Prepare the tissues, folks, because Cosmopolitan recently rounded up the most inspirational coming out videos on YouTube, and it's a doozy (in the best way, of course.) The eponymous video features some of the website's most heartwarming coming out stories, from established vloggers like Troye Sivan to relative unknowns whose coming out stories were often the impetus for going viral. No matter their amount of Internet fame, though, each story makes it clear how much of a leap of faith the prospect of coming out requires for many LGBTQ people — but also how rewarding it can be when it goes well.
With the legalization of same-sex marriage and historic advances in laws protecting LGBTQ people, it's easy to assume that homophobia is on its way out in the modern day. However, the reality is that many LGBTQ people still face discrimination, even from the places they would least expect it; even if someone knows intellectually that their family is likely to accept them for who they are, there's no way to know for sure until they come out. As a result, a common refrain in the video is relief: Relief that it's out there, relief at being accepted, and relief that they can stop pretending to be someone they're not.
"I'm gay. It feels so good to say that," beauty blogger Ingrid Nilsen says in her now-famous coming out video, and others echo the sentiment again and again.
Then-high school senior Jacob Rudolph sums up the feeling of pretending to be someone else in a coming out speech that later went viral. "I've been acting as someone I'm not... You see me acting the part of 'straight' Jacob, when I am in fact LGBT," he says. "I am what I am, and that's how I'm going to act from now on."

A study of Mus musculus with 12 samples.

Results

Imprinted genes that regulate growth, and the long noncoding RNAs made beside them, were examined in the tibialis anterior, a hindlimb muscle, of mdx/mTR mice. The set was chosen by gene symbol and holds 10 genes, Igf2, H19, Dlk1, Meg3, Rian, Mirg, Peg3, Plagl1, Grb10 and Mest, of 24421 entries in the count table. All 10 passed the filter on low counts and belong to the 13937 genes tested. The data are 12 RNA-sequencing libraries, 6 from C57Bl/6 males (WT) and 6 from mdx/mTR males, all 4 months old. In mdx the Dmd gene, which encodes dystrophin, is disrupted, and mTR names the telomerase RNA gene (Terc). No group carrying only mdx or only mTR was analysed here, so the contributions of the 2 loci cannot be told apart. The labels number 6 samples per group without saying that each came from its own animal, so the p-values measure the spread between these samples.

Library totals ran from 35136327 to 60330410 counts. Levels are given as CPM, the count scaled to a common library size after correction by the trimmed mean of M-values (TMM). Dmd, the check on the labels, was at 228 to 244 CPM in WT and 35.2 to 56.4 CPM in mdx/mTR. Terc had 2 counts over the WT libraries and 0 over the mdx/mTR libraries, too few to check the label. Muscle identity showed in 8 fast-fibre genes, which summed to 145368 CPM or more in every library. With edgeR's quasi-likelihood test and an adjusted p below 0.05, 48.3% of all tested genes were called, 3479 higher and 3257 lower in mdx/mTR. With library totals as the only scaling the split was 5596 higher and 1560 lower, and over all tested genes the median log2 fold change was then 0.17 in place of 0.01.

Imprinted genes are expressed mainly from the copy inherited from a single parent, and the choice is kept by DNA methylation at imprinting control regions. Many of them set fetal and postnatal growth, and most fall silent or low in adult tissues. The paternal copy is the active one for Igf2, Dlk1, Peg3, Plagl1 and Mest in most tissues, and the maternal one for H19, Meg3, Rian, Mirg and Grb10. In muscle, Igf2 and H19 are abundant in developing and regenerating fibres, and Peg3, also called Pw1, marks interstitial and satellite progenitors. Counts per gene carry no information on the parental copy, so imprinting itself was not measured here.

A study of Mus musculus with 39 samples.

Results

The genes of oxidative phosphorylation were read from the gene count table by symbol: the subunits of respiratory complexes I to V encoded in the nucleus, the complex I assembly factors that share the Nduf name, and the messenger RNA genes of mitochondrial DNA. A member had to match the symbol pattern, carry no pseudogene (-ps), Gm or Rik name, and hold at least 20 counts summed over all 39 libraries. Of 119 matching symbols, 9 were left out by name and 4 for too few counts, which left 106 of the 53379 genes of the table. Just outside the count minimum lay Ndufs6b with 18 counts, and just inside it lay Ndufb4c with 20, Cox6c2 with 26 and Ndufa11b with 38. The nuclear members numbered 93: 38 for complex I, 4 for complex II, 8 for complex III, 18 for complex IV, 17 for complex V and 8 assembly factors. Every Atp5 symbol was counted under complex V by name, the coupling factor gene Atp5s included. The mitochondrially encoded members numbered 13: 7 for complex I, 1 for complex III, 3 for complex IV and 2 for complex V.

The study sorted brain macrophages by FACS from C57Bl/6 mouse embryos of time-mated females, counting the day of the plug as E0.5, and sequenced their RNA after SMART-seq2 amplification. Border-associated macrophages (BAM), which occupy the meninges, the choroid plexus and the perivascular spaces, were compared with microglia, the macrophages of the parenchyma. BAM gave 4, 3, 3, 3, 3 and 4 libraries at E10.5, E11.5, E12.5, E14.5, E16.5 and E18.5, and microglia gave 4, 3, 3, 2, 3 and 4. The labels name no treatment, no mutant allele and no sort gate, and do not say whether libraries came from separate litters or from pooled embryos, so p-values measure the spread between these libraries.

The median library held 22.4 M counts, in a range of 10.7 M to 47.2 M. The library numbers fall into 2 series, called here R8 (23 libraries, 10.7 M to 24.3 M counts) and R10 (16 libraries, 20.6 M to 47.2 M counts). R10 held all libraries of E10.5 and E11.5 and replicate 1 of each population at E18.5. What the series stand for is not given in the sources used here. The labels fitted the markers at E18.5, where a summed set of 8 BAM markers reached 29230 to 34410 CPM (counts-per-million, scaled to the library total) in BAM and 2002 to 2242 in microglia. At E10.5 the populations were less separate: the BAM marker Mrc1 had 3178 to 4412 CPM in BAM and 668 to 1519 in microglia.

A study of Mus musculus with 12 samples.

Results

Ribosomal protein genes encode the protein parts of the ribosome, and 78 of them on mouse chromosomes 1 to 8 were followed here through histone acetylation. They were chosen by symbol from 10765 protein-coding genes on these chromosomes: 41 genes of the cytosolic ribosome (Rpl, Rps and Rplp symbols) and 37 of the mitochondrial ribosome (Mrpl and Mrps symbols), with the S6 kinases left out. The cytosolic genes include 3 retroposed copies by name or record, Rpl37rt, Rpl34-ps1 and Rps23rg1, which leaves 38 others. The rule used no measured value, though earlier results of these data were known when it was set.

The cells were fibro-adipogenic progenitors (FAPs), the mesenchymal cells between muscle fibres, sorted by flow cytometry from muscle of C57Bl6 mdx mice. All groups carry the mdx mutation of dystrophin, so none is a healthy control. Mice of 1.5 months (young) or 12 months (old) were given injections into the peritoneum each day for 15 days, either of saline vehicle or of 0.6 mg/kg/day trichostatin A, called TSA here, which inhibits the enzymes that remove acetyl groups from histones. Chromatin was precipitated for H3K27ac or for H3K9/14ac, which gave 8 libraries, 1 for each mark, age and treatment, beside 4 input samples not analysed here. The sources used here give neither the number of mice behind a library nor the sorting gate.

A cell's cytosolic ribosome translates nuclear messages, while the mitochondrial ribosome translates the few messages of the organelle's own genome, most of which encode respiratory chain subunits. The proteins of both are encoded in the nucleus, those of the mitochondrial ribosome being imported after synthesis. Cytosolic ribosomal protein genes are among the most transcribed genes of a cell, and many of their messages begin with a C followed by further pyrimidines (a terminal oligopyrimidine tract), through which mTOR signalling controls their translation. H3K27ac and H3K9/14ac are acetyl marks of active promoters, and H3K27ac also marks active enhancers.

If four minutes of watching people proudly accept themselves isn't enough to make you reach for the tissues (you heartless monster), the reactions of their audiences are sure to do so. The stereotype of people "always knowing" someone was LGBTQ turns out to be kinda-sorta based in truth; many say they were just waiting to be told in person. Most notably, one mother uses props to express her total lack of surprise when her son came out.
"For us, it was like, 'Are you coming out?'" she says before opening a nearby door. "Not yet? OK."
Of course, a montage of successful coming out stories only serves to highlight the fact that too many LGBTQ people have a very different experience. More than 40 percent of homeless youth identify as LGBTQ, with family rejection being the most common factor for their homelessness. Furthermore, the Human Rights Campaign writes that LGBTQ youth are twice as likely to be physically assaulted at school than their non-LGBTQ peers.
On the other hand, it really does get better — not just as LGBTQ youths grow up, but as society grows to accept them. Would there have been as many successful coming out videos twenty years ago? Probably not, and that's what makes Cosmopolitan's montage so powerful. Check out the video below:
For more LGBTQ stories, check out Bustle on YouTube.